Vol 57 No. 16 : Sept. 1, 2005
Vol 57 No. 16 | Sept. 1, 2005
Chair Shines in World Wide Web Consortium

Wayne Dick

Wayne Dick

Every Friday, Wayne Dick meets people from Boston, Australia, Europe and many other places around the world without ever leaving Southern California. “The World Wide Web Consortium (W3C) works out of MIT,” explained Dick, chair of Computer Science and Computer Engineering at CSULB. “I work directly with its Educational Outreach Working Group, a part of the Web Accessibility Initiative (WAI), so on Fridays I wake up and do a teleconference with people who are calling in from around the world.”

WAI is one of four domains of the W3C, which was created in 1994 to develop common protocols that promote the evolution of the World Wide Web and ensure its interoperability. The HyperText Markup Language (HTML) and Cascading Style Sheets (CSS) specifications are two of the most familiar outcomes of W3C’s work. As a member of the Education and Outreach Working Group, Dick plays an important role in making recommendations for accessibility, particularly as it relates to people with disabilities.

“Actually, the Web is wonderful. By and large, the balance is way in favor of people with disabilities,” said Dick, who is visually disabled. “For one, we can shop online. I can’t drive a car, so to be able to shop without driving is an enormous improvement in my life.”

According to Dick, there are three sets of accessibility guidelines for structuring the Web: content accessibility, which deals with the organization of the page; authoring tool guidelines that cover software for creating Web pages and making sure the produced content is accessible; and user agent accessibility guidelines for browsers and anything that helps users perceive and use the Web page.

There are many types of disabilities, including movement, hearing and tactile difficulties, to consider when discussing accessibility. Some Web forms have timed interfaces, which can close or move the page or the form before the user is ready. People who are prone to seizures have trouble with flashing content and need to run anti-flicker software since normal browsers do not turn these events off.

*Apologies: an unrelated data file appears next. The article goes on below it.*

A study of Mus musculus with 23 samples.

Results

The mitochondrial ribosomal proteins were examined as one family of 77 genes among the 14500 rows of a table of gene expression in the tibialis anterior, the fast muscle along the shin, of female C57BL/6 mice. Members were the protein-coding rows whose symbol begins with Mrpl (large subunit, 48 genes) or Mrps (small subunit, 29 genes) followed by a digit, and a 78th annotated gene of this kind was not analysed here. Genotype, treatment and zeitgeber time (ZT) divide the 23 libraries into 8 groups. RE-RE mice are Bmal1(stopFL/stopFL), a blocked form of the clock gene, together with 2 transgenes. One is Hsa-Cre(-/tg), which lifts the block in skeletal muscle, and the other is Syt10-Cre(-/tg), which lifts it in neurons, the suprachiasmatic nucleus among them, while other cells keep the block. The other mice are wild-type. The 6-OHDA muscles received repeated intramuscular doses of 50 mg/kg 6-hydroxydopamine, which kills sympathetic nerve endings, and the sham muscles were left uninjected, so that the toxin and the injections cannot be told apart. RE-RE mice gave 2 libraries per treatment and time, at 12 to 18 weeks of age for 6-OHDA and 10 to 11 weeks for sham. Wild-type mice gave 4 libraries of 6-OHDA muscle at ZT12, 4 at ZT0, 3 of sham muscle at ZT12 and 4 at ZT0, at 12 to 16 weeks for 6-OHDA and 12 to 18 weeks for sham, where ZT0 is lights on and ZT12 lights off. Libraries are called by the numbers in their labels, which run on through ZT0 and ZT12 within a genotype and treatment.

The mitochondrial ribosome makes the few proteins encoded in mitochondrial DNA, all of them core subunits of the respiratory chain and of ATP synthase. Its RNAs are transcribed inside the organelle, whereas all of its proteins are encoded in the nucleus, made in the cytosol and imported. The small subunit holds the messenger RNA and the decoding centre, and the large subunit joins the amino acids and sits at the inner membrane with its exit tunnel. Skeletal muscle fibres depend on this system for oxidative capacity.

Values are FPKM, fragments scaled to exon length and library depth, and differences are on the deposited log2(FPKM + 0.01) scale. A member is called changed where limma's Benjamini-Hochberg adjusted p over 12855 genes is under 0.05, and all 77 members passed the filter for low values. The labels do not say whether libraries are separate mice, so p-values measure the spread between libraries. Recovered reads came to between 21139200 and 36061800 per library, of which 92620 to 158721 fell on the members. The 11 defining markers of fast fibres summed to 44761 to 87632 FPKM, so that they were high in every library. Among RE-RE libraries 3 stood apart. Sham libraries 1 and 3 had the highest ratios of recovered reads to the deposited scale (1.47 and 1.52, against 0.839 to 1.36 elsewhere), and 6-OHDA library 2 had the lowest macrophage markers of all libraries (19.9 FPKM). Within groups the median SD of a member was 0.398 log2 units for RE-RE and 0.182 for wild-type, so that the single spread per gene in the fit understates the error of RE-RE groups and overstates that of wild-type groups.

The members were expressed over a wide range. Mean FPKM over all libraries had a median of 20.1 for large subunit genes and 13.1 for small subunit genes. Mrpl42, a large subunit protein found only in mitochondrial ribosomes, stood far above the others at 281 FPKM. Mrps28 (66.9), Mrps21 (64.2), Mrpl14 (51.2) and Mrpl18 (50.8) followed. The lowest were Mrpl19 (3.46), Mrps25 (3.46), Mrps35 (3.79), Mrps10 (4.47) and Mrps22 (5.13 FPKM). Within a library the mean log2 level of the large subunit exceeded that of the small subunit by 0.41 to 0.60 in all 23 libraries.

Dick believes that everyone can benefit from inventions or technological advances that assist the disabled Web user. “Forty-six percent of the employees on this campus are over 50,” Dick said. “That’s a lot of aging eyes in this population. Well, wouldn’t you like to have the print just a little bit bigger and maybe the lines spread out just a little bit farther and maybe read it in color that’s just a little bit more comfortable for you? It’s possible, now.”

Recently, Dick spearheaded the introduction of a product called Web Adapt2me, which allows users to adapt their Web viewing experience to their needs.

“WebAdapt2me allows for speaking text, so you can actually read along as the text is being spoken,” he explained. “It allows you to magnify, and that’s pictures and text. It allows you to control the set text size independent of your magnification so you can leave all your figures small and just enlarge the text. You can have pop-up images or none. You can hide any background that comes along that you don’t want to look at. You can have the controls on your browser larger. And it allows you to hear sounds when you’re typing because some people need audio feedback to know they’ve pushed the keys.

“Early on, I understood that computer science can make a difference in people’s lives, that it was going to remove a lot of the barriers,” Dick continued. “Thanks to all of these advances and activism, I believe that in my lifetime, we’re going to remove all barriers for people with disabilities who want to use the Internet.”